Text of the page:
Tax Insights: Converting your Primary Residence to a Rental
Sometimes it never rains but it pours. As a tax lawyer who meets with many people during the week, I’ll go an entire year without advising on a concept but then suddenly, I’ll talk about it several times in one week. This past month, exactly that happened – I found myself talking to prospective clients who wanted to convert their primary residence to a rental. So why not double down and explore it here as well?
Converting to a rental is a pretty simple maneuver that brings with it many tax rules. Most are beneficial when you know how they work, and you plan ahead.
The first question that arises when you convert a personal residence into a rental is how to determine the property’s tax basis for depreciation purposes during the rental period and for gain/loss purposes when you eventually sell.
Oddly enough, two different basis rules apply:
- If, after conversion to a rental, you sell at a gain, your basis on the conversion date is the usual computed amount (cost of home plus improvements, minus depreciation).
- If, after conversion to a rental, you sell at a loss, your basis on the conversion date is the lesser of the computed basis or the fair market value.
Once you’ve converted a former personal residence into a rental, you can now deduct expenses. Here is a quick summary of the most important things to know:
- You can deduct mortgage interest and real estate taxes on a rental property.
- You can also write off all the standard operating expenses that go along with owning a rental property: utilities, insurance, repairs and maintenance, yard care, association fees, and so forth.
- Finally, you can also depreciate the cost of a residential building over 27.5 years, even while it is (you hope) increasing in value.
According to the tax code, real estate is a per se passive activity. Unless you are a real estate professional (as the Code defines the term), if your rental property throwing off a tax loss can complicate things.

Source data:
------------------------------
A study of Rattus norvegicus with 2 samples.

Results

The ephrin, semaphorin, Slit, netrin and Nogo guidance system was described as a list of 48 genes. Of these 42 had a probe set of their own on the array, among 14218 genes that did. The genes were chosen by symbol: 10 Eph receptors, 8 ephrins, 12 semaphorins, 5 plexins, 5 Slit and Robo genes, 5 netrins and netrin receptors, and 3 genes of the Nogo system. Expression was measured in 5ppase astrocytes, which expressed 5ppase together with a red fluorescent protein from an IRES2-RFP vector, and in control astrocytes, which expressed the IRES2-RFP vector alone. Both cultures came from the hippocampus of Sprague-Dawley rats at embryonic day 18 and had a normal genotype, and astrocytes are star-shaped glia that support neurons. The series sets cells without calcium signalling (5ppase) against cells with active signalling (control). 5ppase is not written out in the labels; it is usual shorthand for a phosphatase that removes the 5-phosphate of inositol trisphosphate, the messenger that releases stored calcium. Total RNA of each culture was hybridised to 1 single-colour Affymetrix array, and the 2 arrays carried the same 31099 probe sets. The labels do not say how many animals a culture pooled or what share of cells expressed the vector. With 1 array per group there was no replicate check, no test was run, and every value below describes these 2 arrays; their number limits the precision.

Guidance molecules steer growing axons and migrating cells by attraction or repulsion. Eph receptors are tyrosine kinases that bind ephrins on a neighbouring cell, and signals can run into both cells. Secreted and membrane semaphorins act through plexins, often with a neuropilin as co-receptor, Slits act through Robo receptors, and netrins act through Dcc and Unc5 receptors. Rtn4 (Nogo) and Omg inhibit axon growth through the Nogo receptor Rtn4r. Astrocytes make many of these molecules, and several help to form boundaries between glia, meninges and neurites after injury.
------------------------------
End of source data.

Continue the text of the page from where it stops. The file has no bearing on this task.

The so-called passive activity loss (PAL) rules will usually apply. In general, the PAL rules allow you to deduct passive losses only to the extent you have passive income from other sources, such as positive income from other rental properties or gains from selling them.
Eventually, your rental property should start throwing off positive taxable income instead of losses, because escalating rents will surpass your deductible expenses. Of course, you must pay income taxes on those profits. But if you piled up suspended passive losses in earlier years, you now get to use them to offset your passive profits.
Another nice thing: positive taxable income from rental real estate is not hit with the dreaded self-employment (SE) tax, which applies to most other unincorporated profit-making ventures. The SE tax rate can be up to 15.3 percent, so it’s a wonderful thing when you don’t have to pay it.
Always keep in mind the good news here. You don’t pay the taxes on the property appreciation until you sell. And you could always consider a 1031 exchange.
What is the downside?
Many practitioners do not warn their clients about the downside of converting a primary residence to a rental. And it involves long term capital gain.
The greatest advantage of owning a primary residence is the long term capital gain exclusion on a primary residence. Married couples in 2023 can exclude $500,000 of capital gain on the sale of their primary residence if they lived in the house for 2 out of the last 5 years.
That’s a huge benefit – that’s an amazing amount of income that doesn’t get taxed.
Let’s run two examples:
Assume Alice and Bob buy their house for $535,000 and over the course of owning it make about $35,000 of improvements. Seven years later, they sell the house for $800,000 and buy a rental with the proceeds while keeping a small amount for a downpayment on a new house.
A&B sell and buy a rental
Purchase price: $535,000
FMV at sale: $800,000
Gain not taxed: $230,000
A&B sell their house and never pay tax on $230,000.
Now, assume Cathy and Dave do exactly the same, but they convert the property into a rental instead and sell outside the 5-year window to qualify for the capital gain exclusion:
C&D – convert and sell rental later
Purchase Price: $535,000
FMV at sale: $800,000
Taxable gain: $230,000
Tax (at 15%): $34,500
Now what would you do with an extra $34,500? I’m sure we can all think of something we’d rather do than give it to Uncle Sam. Granted, to keep it simple I’ve left out depreciation, but you get my point.
The other advantage that Alice and Bob have over Cathy and Dave is that they don’t have to do a 1031 exchange to avoid tax. They immediately reap the benefits. Instead, for Cathy and Dave, the most powerful exit strategy open to them is to avoid tax with a 1031 exchange. This isn’t quite as good because it just kicks the problem further down the road. The only way they can have the same outcome as Alice and Bob (i.e., not ever paying tax on the gain) is to die and give their children a stepped-up basis.
Lots of moving parts to every scenario and a good tax advisor is necessary to understand what you might be leaving on the table. At Fusion, we pride ourselves on our tax plans and our ability to do a deep dive to find the bigger picture and ensure that no opportunity is left unexplored.